To the editor:
It’s appropriate for MP Ron Cannan to announce an injection of $50 million into two Youth Employment Strategy programs. (Gov’t Seeking Ideas For Projects To Connect Youth To New Jobs, page A5.) He admits that youth unemployment is high, “almost twice the national average.”
Only, that’s not true. August data show that at 14.8 per cent, the youth unemployment rate was more than twice the national average of 7.3 per cent.
You have to admit, there’s a difference between almost twice and more than twice. Whenever Cannan sprinkles labour force data around, whether the numbers are right or really not right, you can be sure spin will follow.
In his column (also published Sept. 20 in the Capital News) he tells us that youth unemployment is high, “yet” at the beginning of May, there were more than 258,000 job vacancies in Canada. He portrays the unemployment problem as being “a gap” that can be bridged by connecting unemployed youth to available jobs, while developing their skills and employability. The injection of monies into the programs will try to bridge that gap, “matching approximately 3,000 young Canadians with jobs in areas where there is a clear need for workers.”
It sounds like a laudable proposition until you do the math. At the beginning of May, there were 394,200 youth who were unemployed. Forgoing any need to bridge a gap, there were already too many youth to fill those 258,000 available jobs, and that’s to say nothing of the other 976,400 unemployed Canadians who also would have been competing for those jobs. Altogether, there were more than a million too many unemployed to fill those jobs.
Since May, youth unemployment has climbed by 22,600 to 416,800. If 3,000 unemployed youth were hired today, that would represent only slightly more than one-half of one per cent of unemployed youth suddenly having jobs and futures.
There are two problems with the message Cannan delivers. First, the news is hardly anything to write home about. Economist Andrew Jackson said in June of this year, when things were marginally better: “I am struck by the very small scale of government interventions—just 1.5 per cent of the 15-24 age group benefit from the job subsidies provided through the federal Youth Employment Strategy.”
Second, Cannan has been putting political spin on issues all summer long—it’s a chronic and unsavoury problem. His back-to-back statements, “Our government is committed to supporting our young people because we recognize how vital their abilities are to Canada’s long-term growth, competitiveness and overall prosperity” and “Today’s youth are tomorrow’s workforce, so by investing in them we are investing in Canada,” are slogans devoid of any honesty at all.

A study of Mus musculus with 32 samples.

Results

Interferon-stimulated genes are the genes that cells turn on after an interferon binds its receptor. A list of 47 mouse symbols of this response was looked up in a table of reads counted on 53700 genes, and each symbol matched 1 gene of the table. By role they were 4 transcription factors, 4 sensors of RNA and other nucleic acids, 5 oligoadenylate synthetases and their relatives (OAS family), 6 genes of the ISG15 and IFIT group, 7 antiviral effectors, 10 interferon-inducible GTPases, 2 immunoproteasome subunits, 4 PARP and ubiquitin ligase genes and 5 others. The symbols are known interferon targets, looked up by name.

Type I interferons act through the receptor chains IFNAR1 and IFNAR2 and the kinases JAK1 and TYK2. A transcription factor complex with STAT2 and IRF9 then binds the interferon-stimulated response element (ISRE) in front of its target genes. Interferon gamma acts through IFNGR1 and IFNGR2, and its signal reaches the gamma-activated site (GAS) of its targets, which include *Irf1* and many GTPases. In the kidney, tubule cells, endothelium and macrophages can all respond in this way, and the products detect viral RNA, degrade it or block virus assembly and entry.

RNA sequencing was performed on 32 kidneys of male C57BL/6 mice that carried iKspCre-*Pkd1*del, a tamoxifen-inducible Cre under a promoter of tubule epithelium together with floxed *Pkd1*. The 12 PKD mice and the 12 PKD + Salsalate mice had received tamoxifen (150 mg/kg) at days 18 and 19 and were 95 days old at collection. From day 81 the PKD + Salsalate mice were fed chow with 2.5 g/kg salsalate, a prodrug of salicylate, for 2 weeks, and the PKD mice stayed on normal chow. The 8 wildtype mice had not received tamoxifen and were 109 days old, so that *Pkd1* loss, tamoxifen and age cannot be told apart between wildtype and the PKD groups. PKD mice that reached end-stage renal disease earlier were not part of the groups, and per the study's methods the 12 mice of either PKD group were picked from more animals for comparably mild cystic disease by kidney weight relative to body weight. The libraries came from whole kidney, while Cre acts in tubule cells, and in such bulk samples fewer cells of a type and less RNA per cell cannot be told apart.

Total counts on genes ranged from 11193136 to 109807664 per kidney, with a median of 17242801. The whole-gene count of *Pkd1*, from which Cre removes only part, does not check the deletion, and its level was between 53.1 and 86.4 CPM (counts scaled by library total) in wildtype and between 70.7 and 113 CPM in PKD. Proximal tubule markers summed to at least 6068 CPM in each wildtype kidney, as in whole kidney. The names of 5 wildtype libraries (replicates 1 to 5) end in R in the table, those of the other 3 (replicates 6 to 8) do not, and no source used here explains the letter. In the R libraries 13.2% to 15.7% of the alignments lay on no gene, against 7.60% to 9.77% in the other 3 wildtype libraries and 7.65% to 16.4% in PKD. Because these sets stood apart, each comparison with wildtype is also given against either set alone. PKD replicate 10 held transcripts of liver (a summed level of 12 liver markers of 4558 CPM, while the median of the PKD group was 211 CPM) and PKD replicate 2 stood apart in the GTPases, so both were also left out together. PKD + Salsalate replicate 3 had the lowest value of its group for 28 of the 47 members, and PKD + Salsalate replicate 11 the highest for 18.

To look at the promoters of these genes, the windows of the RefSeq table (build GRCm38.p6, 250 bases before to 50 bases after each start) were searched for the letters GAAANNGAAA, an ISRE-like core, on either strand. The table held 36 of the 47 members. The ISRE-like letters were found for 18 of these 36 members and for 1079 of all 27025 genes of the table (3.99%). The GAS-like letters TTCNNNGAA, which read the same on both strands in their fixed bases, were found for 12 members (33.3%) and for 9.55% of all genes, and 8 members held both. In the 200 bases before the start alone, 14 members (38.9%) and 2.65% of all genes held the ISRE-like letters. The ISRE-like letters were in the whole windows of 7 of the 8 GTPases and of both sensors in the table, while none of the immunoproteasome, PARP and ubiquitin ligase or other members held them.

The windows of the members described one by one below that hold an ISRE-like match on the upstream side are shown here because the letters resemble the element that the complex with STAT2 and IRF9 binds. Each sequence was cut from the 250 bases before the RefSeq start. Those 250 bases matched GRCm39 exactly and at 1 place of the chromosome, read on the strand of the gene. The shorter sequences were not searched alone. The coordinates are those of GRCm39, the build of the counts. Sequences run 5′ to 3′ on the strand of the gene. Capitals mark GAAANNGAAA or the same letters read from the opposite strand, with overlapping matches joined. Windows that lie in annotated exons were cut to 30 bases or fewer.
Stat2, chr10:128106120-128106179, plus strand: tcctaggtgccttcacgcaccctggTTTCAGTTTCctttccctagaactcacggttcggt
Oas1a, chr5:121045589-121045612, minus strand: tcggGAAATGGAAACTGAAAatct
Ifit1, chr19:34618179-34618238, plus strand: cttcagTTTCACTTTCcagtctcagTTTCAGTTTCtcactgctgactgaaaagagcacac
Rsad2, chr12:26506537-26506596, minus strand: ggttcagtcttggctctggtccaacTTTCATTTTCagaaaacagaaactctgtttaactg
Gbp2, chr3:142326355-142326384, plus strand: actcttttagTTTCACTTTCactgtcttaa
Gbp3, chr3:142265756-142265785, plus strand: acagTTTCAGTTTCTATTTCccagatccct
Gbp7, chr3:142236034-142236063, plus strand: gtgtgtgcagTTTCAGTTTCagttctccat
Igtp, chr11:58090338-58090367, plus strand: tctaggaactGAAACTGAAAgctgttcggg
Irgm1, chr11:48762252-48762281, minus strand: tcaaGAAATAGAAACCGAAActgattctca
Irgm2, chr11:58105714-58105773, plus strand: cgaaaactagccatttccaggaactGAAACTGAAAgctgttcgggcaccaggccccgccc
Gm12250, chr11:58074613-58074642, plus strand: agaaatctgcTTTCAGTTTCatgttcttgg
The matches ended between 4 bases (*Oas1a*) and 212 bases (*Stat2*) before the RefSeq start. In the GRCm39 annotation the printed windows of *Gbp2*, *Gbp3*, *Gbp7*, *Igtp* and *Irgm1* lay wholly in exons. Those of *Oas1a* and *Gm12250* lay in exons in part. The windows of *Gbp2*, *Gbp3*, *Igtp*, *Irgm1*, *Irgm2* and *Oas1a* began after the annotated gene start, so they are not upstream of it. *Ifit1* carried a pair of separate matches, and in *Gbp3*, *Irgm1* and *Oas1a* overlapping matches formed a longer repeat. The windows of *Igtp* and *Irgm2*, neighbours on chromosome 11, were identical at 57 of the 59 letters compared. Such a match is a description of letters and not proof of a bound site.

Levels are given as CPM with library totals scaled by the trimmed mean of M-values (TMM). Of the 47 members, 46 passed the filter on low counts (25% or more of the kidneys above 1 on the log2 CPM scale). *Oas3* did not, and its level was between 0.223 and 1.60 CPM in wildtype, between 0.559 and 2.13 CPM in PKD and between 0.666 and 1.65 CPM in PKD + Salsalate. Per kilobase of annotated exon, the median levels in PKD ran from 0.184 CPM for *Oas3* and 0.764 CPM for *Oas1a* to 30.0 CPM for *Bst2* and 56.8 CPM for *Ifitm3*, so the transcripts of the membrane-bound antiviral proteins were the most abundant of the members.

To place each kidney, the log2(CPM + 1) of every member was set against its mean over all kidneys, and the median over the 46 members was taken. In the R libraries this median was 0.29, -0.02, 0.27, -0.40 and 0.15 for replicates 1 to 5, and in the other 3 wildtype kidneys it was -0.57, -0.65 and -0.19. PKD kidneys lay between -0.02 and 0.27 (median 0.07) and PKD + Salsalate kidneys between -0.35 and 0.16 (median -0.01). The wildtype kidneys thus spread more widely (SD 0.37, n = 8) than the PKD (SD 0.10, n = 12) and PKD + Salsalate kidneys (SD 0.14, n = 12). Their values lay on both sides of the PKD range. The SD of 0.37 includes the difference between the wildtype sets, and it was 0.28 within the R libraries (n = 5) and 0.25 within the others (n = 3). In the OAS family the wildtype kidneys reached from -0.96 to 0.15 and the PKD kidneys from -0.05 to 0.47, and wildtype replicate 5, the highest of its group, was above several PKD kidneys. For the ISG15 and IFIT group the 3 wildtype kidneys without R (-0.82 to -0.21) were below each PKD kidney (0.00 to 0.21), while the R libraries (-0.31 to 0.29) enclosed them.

Rather than throwing youth under the bus, the government ought to do as economist Angella MacEwen suggests: create a substantial youth employment strategy, and “work with employers and educators to ensure there are enough spaces to provide youth with the skills required to innovate and compete.”
Andrew Jackson says that we can create jobs for youth “if we expand spaces in those apprenticeship, college and university programs which lead to genuine employment opportunities. For example, few electricians or physiotherapists are unemployed, but there is a long waiting list to get into training programs.”
I will keep saying it as long as it needs to be said: Canadians need jobs, not political spin, and we need those jobs now. (Canadian corporations are sitting on cash assets of $525 billion, having received corporate tax cuts of 26 per cent beginning in 1960, amounting to $52 billion per year. They need to pony up and invest in this country and its people.)
Canadian workers also need relaxed EI eligibility requirements and extended benefit periods until required jobs materialize. (There was $57 billion in the EI fund until the government raided it of all but $2 billion in 2010. That’s a problem Canadians should insist that this government address.)
And we need the legislation revoked that allows employers to pay Temporary Foreign Workers up to 15 per cent less than Canadian workers in the same jobs, thereby making foreign workers more attractive to employers, and driving down wages for all workers.